The Future of the Draft
By Kalyn Kahler
CHICAGO — As the draft wound down 17 days ago, the NFL’s vice president of special events, Peter O’Reilly, took stock of this year’s unique venue. After opening at the Auditorium Theatre, the festivities moved outside for rounds three through seven, and more than 200,000 fans showed up to Grant Park to be a part of a draft that was held somewhere other than New York City for the first time since 1964.
“It’s going to be very difficult to go back to a theater-only environment and not have the broader fan experience,” said O’Reilly, speaking beneath the Draft Town arch at the park’s entrance.
The day before the draft, Roger Goodell spoke to students at Northwestern University and joked (or so it seemed) about holding the draft thusly: “Seven rounds, seven days, seven states.” That would be a logistical nightmare, and a classic case of killing the golden goose, but 2015 showed that the NFL draft is no longer just a TV show.
“In early meetings we said having 10,000 fans in the park would be nice,” O’Reilly said. “We hit that by many multiples. Our wildest dreams and expectations were absolutely blown away.
“We have seen the power of bringing it to a new market and connecting with new fans and allowing them to experience it. We’ve got to strike that balance between, ‘This is a great home for the draft and we’ve got a model that works well,’ and balance that with, ‘Where are there other opportunities? What markets are interested?’ ”
Just what is in store for the future of the NFL draft?
Chicago was chosen this year after winning a close race with Los Angeles, which is becoming a focal point for future NFL interests. Patriots owner Robert Kraft wants the draft in the Boston area; Cowboys owner Jerry Jones wants it in Dallas. Other owners surely will step forward, having seen the draft as a three-day commercial and tourist attraction for Chicago.
The draft could turn into a traveling road show and be held in a different market every year. Or, like the Super Bowl, it could rotate among a select group of cities. Whatever happens, the days of the draft being held solely within the confines of Radio City Music Hall seem to be all but over. That doesn’t mean the draft has forever left New York; there would just need to be some grass nearby, and room for moms and dads and kids in strollers. “The draft should move around,” said Bears season-ticket holder Terrence Moore, who attended his first draft this year. “It’ll give more access to the fans and that’s only going to make more fans for the league.”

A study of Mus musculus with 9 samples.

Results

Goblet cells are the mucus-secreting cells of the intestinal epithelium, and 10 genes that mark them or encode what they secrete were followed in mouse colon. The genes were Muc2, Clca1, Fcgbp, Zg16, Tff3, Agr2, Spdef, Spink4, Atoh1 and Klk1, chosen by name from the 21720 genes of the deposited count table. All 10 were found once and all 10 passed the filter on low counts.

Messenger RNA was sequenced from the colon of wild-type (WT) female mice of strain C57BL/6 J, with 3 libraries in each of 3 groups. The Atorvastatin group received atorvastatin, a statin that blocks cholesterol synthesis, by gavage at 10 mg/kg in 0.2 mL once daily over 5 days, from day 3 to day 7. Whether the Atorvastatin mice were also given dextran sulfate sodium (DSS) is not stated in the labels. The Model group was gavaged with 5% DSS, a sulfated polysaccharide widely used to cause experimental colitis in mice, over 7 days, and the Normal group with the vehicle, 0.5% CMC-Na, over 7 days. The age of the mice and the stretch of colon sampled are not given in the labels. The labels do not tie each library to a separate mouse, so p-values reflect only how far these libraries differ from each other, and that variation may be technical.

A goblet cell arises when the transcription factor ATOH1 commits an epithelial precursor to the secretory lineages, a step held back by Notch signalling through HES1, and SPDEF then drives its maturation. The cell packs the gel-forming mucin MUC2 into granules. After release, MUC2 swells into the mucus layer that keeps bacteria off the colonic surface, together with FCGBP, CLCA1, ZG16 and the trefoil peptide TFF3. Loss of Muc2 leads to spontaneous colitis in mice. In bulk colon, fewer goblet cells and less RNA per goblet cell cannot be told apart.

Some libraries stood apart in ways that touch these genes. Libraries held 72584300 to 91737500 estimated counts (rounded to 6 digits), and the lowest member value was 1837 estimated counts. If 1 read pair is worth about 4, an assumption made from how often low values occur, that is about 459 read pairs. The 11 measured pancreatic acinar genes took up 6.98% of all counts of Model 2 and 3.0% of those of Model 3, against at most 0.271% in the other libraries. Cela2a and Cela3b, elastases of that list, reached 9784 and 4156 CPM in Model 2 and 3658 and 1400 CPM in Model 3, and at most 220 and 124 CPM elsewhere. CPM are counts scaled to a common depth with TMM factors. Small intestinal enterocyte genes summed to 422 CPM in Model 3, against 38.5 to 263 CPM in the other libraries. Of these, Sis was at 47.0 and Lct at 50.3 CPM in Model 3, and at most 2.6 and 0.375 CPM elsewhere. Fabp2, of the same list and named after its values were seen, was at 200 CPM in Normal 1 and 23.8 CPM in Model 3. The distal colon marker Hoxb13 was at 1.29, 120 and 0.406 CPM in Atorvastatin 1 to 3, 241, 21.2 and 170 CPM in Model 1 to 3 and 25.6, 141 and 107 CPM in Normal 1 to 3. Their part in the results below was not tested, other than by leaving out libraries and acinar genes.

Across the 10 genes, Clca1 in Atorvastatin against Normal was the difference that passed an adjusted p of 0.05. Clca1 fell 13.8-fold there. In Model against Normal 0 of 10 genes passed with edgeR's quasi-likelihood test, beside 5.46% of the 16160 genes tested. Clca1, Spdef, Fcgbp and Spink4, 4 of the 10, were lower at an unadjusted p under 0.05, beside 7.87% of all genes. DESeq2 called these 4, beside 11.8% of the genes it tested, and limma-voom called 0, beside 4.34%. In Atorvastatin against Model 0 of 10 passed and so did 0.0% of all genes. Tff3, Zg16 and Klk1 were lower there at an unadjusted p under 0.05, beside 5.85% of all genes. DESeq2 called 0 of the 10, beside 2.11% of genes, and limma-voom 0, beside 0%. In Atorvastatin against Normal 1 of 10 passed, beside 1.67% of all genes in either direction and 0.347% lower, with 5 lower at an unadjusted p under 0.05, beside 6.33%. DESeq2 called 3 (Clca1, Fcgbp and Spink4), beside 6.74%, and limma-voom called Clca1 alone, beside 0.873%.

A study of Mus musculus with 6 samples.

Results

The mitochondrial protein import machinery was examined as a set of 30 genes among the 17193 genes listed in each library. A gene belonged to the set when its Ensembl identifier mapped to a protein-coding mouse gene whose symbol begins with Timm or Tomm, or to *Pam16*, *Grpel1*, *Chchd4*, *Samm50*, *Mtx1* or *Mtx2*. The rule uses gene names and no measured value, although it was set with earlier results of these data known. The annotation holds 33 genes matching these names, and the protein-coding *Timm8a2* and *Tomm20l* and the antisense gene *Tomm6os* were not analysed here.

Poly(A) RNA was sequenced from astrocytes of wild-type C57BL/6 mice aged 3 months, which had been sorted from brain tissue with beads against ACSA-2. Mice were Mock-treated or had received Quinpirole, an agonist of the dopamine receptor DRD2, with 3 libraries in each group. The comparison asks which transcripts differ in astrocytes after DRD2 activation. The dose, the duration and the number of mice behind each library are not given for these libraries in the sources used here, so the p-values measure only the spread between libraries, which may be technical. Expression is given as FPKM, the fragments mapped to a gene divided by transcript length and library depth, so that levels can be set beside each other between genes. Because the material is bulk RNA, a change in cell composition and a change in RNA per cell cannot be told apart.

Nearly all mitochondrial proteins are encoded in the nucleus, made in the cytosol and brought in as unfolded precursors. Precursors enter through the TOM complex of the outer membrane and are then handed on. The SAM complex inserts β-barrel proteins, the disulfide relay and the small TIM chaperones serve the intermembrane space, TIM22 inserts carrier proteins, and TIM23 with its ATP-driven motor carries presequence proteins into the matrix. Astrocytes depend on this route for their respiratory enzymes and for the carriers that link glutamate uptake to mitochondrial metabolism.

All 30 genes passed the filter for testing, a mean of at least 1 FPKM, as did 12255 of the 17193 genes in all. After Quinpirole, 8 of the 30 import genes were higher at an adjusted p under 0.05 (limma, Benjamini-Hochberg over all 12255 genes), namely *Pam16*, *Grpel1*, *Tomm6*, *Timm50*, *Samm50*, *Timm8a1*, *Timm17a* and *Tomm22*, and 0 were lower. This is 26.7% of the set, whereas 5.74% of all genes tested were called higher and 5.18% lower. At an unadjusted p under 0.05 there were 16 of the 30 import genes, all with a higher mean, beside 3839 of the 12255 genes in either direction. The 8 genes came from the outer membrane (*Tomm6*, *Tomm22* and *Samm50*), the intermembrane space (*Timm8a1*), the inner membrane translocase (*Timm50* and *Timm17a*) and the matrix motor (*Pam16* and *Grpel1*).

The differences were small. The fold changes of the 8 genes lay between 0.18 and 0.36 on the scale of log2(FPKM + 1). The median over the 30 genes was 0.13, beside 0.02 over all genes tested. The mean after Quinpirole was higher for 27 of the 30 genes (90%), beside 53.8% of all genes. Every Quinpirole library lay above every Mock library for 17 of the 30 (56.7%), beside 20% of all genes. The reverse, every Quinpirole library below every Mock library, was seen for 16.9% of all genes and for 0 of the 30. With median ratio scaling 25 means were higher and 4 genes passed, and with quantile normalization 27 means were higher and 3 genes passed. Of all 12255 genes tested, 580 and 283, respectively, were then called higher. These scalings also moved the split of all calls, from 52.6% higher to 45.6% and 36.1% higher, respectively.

“It’s going to be a good thing to spread it around and get a new feeling for each draft,” another fan, Chris Pinto, said, “because each city really now gets to showcase themselves and make their draft experience better than the other cities.”
From the oversized team helmets placed in Pioneer Park to the buildings along the city’s skyline lit up to spell out “Draft Town,” Chicago owned its chance to play host city.
“The Chicago format was so different than New York and so much broader,” O’Reilly said. “In New York, when we went to the two nights in prime time and the three-day format, that was a big shift. That took the draft to the next level, and now this feels like that next major shift.”
For the first time in draft history, the action on Day 3 took place exclusively outdoors, with each team announcing their picks via video feeds from across the country. It was hardly the yawn-fest of years past. In Jacksonville, a fan was thrown into the pool by the Jaguars mascot at Everbank Stadium after he announced Louisville safety James Sample as the team’s fourth-round pick. In Minneapolis, the foreman for the Vikings' new stadium project announced Minnesota's fourth-round pick, Pittsburgh tackle T.J. Clemmings, from the construction site.
“Reimagining Day 3 was a big part of it. We are taking ‘Draft Town’ on Saturday and making it ‘Draft Nation,’ ” O’Reilly said. “Making it feel that much bigger.”
Chicago’s central location—it’s 500 miles from 11 NFL markets—was, as O’Reilly put it, “the determining factor” for moving the draft to the Windy City. Reflecting on his project, O’Reilly said the only change he would make is expanding the fan festival.
“I probably would have expanded the footprint earlier and gone even bigger, because Chicago fans overdelivered in terms of their passion,” he said.
Back in his Park Avenue office, O’Reilly is busy breaking down every aspect of the event and reviewing the feedback from fans and clubs. “We certainly have to look at the success of Chicago when making the decision,” he said of picking the 2016 draft site. “We don’t think it is going to be an instantaneous decision.”
But if it were up to Chicago Bears chairman George McCaskey, the decision would already have been made: “Let’s do it again here next year.”